How to Use a Carb Cycling Plan to Lose Fat
Carbs don’t have to be your enemy. In fact carbs are responsible for providing you with the required energy to hit those hard workouts and are partly responsible for effective recovery and growth. Carbs are often dropped from diets when the goal is fat loss. The truth is that low carb diets over a long period of time may help you lose weight, but you’ll lose that weight all over, including your hard earned muscle gains. Your workouts will lack energy and you won’t be able to recover as well or as quickly. Carbs becoming fat is mostly down to timing and excessive amounts.
What Is Carb Cyling
Carb cycling is a process for changing your carb intake each day, switching between low and high carb intake on nominated days. Some will manipulate this as a basic schedule – for example three days of low carbs followed by one day of high carbs and then simply repeat it. This can work, but it’s better suited to less active individuals who are just looking for general weight loss.
To use carb cycling most affectively, try matching it up with your training routine. In a very basic sense, carbs are energy so if you consume high carbs on a day when you have not used a lot of energy or been to the gym for example, then it’s logical to assume your body won’t be putting all those carbs and energy to use that day. It will instead elect to store it as fat.
So, try matching carb cycling up with your training schedule. Look at your training routine and split your training schedule in to three different days;
- Rest days
- Medium intensity and
- High intensity
You know your own body best, but for most, leg training days tend to be their standout highest intensity day, which makes sense given it’s such a big muscle group. You would expect energy consumption to be very high on days including this workout. A 30minute bicep blast by comparison would classify as a medium intensity workout.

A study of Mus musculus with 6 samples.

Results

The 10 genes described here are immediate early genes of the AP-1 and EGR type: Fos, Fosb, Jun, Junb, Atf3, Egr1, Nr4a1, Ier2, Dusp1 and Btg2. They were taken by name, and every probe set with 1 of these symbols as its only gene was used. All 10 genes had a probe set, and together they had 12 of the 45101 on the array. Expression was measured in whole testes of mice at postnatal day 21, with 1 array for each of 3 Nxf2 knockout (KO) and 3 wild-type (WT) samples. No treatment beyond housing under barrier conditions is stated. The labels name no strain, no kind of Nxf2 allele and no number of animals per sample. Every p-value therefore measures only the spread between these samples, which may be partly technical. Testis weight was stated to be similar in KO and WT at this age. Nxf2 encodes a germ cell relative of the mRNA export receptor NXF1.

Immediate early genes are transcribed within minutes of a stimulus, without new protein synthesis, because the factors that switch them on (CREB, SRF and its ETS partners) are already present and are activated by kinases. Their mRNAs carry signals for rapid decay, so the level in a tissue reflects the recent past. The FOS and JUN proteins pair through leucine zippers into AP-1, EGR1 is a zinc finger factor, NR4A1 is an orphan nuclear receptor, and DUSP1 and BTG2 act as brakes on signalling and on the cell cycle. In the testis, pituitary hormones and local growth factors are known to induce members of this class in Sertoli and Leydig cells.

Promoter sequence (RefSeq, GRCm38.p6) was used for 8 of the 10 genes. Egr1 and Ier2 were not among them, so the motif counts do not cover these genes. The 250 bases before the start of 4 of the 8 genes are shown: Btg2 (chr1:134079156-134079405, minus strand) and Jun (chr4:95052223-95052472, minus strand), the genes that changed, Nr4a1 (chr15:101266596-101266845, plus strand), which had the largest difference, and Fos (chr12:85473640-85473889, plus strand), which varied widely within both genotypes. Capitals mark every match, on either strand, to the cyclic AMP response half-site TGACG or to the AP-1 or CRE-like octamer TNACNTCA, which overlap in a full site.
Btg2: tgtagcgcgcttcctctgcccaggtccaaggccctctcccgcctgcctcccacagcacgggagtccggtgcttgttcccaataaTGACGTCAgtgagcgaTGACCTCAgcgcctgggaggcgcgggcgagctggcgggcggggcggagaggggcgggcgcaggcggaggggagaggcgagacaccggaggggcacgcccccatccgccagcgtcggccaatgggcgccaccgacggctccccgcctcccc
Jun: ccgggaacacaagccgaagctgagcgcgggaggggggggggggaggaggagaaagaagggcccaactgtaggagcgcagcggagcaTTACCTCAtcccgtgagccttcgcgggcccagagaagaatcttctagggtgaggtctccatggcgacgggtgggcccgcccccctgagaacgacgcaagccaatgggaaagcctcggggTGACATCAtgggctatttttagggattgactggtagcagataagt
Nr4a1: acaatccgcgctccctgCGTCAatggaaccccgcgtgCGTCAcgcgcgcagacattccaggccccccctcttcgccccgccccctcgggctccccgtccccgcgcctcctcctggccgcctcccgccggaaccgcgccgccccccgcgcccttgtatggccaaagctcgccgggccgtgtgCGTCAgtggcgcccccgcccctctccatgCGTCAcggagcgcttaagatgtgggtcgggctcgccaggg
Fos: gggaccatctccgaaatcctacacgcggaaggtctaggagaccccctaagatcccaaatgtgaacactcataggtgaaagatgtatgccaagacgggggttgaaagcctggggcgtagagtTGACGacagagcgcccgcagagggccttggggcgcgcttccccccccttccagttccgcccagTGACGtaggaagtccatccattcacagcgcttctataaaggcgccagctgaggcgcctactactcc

Now, take your highest carb intake day. If you’ve used your macro calculator you’ll have a good idea of this. Your highest carb intake is now your carb intake for intense workout days. You can then calculate your medium and low carbs days from this. Everyone is different and it’s a personal discovery process to figure out how low carb you can go before it starts to affect your physical energy too much or deteriorates your mood. A good starting point to test would be to use 60% of your highest carb day for medium carb days and 30% for low days. Following this you plan could look something like this:
Carb Cycling Plan
|Day of Week||Workout||Carb Level||Carb Intake|
|Monday||Arms Day||Moderate Carbs||150g|
|Wednesday||Rest Day||Low Carbs||75g|
|Thursday||Legs Day||High Carbs||250g|
|Friday||Rest Day||Low Carbs||75g|
|Saturday||Chest & Back Day||High Carbs||250g|
|Sunday||Rest Day||Low Carbs||75g|
Remember that carb cycling is a tool to help burn fat. So if this is your goal you should already be eating cleanly. Meaning your carb sources come from oats, wholegrains, potatoes, quinoa etc not refined carbs or those with added sugar content. If you’re serious about burning fat then you’ll appreciate that high carb days doesn’t mean fast food day!